Breana Noble and Kalea Hall, The Detroit News – March 18, 2020

Detroit — Ford Motor Co. will close all of its plants in North America starting Thursday evening through March 30, the Detroit automaker said Wednesday.

All of Detroit's three automakers have agreed to close plants due to worker fears about the coronavirus, according to two sources familiar with the talks. It wasn't immediately clear how long plants would be closed or the number of them.

"We're continuing to work closely with union leaders, especially the United Auto Workers, to find ways to help keep our workforce healthy and safe – even as we look at solutions for continuing to provide the vehicles customers really want and need, Kumar Galhotra, Ford’s president of North America, said in a statement. "In these unprecedented times, we’re exploring unique and creative solutions to support our workforce, customers, dealers, suppliers and communities."

UAW and Ford leaders say they will work together on how to best structure plant restart plans.

"Today's action is the prudent thing to do. By taking a shutdown and working through next steps, we protect UAW members, their families and the community," said Rory Gamble, president of the UAW. "We have time to review best practices when the plants reopen, and we prevent the possible spread of this pandemic. We commend Ford for working with us and taking this bold step."

The other automakers are expected to release details of their closures later Wednesday. The United Auto Workers union has been pushing for factories to close because workers are fearful of coming into contact with the virus.

The Detroit automakers' decision to close plants comes after Honda Motor Co. said Wednesday it would suspend production at its plants in North America for six days beginning Monday, with current plans to return to production on March 31. Honda has U.S. plants in Ohio, Indiana and Alabama. The 27,600 Honda workers affected by this will continue to receive full pay. The company says it will use the down-time to continue deep-cleaning of its production facilities and common areas.

Multiple Michigan auto assembly plants shut down Wednesday amid positive cases of coronavirus among workers and just one day after rejecting union calls for broader two-week plant closures.

Ford on Wednesday temporarily closed its Michigan Assembly Plant final-assembly building in Wayne, Michigan building after one of the employees there tested positive for COVID-19, the illness caused by the coronavirus. Stamping and the body shop operations are still running, Ford said.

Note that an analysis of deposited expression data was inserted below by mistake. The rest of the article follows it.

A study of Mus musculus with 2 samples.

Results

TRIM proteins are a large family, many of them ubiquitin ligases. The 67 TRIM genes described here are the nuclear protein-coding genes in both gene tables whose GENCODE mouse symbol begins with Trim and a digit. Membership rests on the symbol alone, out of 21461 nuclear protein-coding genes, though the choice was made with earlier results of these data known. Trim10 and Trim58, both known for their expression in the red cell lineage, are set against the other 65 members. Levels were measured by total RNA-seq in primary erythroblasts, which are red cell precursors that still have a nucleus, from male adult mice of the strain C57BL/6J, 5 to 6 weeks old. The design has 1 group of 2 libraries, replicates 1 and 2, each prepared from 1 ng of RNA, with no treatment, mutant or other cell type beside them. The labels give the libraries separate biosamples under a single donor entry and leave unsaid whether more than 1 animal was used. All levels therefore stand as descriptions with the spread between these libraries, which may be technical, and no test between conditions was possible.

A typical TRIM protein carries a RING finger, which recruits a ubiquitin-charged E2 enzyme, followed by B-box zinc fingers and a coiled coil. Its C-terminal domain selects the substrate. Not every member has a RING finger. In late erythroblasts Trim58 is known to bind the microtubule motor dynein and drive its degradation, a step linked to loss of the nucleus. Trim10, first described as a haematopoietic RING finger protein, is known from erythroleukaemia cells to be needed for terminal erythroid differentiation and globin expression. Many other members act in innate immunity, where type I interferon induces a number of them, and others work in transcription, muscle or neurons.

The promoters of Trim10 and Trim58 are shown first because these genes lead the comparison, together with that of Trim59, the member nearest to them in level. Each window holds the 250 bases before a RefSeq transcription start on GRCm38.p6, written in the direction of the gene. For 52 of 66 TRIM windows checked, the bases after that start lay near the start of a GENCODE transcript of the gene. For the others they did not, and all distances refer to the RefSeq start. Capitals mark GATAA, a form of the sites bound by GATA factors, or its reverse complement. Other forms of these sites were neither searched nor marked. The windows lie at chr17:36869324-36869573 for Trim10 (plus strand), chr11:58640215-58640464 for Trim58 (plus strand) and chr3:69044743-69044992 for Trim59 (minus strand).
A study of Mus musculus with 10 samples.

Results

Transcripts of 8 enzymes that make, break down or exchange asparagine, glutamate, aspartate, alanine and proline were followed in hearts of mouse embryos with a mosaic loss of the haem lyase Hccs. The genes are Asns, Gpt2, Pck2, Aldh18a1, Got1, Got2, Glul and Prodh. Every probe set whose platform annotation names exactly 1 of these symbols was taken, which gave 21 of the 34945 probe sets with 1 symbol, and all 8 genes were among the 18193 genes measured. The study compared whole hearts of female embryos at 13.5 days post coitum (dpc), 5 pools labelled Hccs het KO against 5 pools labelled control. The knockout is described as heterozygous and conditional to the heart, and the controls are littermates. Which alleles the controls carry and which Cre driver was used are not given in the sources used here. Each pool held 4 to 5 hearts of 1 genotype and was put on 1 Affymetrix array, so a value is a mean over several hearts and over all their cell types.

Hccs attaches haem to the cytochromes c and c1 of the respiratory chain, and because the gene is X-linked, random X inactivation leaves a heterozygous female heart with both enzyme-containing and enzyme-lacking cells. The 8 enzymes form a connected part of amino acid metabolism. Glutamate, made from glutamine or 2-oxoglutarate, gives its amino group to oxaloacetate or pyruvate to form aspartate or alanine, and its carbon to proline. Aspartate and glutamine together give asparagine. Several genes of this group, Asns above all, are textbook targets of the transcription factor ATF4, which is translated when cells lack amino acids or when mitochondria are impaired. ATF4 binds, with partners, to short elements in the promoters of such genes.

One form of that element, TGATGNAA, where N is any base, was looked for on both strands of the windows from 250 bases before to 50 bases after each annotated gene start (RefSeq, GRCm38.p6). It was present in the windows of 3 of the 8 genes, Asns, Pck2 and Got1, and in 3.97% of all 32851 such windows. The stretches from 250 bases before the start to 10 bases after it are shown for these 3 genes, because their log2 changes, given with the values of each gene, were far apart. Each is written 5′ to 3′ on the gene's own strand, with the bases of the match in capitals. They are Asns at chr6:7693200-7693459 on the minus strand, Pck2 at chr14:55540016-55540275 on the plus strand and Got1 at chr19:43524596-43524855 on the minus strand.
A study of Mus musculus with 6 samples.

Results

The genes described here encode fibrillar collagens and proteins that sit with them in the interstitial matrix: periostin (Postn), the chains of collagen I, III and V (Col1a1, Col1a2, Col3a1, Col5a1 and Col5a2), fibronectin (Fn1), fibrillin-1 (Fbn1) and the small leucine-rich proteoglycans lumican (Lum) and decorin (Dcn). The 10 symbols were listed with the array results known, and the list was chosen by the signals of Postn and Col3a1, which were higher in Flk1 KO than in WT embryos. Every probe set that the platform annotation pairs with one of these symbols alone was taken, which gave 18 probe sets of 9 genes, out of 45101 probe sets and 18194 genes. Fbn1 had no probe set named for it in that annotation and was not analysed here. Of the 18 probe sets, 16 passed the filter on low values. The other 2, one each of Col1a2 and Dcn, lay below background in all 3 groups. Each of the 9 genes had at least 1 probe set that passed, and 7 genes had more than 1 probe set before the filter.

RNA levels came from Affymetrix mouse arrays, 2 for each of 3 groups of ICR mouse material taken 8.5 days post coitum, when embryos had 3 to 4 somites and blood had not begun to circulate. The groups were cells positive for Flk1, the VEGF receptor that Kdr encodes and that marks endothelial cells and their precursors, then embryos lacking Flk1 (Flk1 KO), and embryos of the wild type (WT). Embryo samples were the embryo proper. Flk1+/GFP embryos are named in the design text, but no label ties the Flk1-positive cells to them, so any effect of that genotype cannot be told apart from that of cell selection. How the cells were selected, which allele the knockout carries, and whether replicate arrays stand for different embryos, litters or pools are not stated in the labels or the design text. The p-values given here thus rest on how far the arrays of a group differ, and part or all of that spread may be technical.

Michigan Assembly employs about 3,000 workers who make the Ford Ranger pickup truck; about 2,800 of those are hourly employees. Fiat Chrysler Automobiles earlier Wednesday suspended production at its Sterling Heights Assembly Plant a second time in less than 12 hours after an employee there tested positive for coronavirus.

The shutdowns came after a task force made of officials with the United Auto Workers and Detroit's three automakers met into the evening Tuesday about how to continue production amid the pandemic. Although the UAW earlier this week had pushed for a two-week shutdown, the group agreed the companies would schedule rotation shifts that would partially close plants and allow for greater space between workers.

FCA sent home the first shift at Sterling Heights and directed the second shift to not show up for work at the plant that produces the Ram 1500 pickup trucks. Fiat Chrysler also had shut down the plant the evening prior, Tinson confirmed.

"Out of an abundance of caution for the health and welfare of the employees at the Sterling Heights Assembly Plant, FCA is suspending production on Wednesday," company spokeswoman Jodi Tinson said in a statement. "The company is working to align the plant’s shift pattern with yesterday's announced agreement with the UAW."

"Employees did not walk out," she added, following some reports that they had. "They were released so the plant could be deep cleaned." The sick hourly employee at Sterling Heights had not been in the plant for a week, according to Fiat Chrysler, and was receiving medical attention. The company's medical team was contacting colleagues who may have come into contact with the individual and were recommending self-quarantine. The employee's workstation was sanitized.

The case was the second COVID-19 case in one of Fiat Chrysler's plants after a salaried worker in Indiana's Kokomo Transmission Plant tested positive last week.

Autoworkers have contacted media and government officials over their concerns about the cleanliness of the plants and the resources available to ensure their health and safety. Last week, 17 paint shop employees at Fiat Chrysler's Warren Truck plant walked off the job, though operations there resumed shortly thereafter and production was not impeded, according to the company.

While experts say the automakers could make up production volumes from a two-week shutdown, the companies continue to receive orders for new vehicles. That is unlike in Europe, where many dealers' sales operations have closed and demand almost has disappeared. Ford Motor Co. and Fiat Chrysler have joined other automakers in shutting down plants there.

A salaried employee at General Motors Co.'s Cole Engineering Center on its Warren Technical Center campus tested positive, the automaker said Tuesday. Co-workers were being contacted about possible exposure. A salaried employee at Ford Motor Co.'s Building 5 in its Dearborn product development campus also tested positive. The individual, however, had been exposed to the virus after leaving the facility and had not returned since, the company said.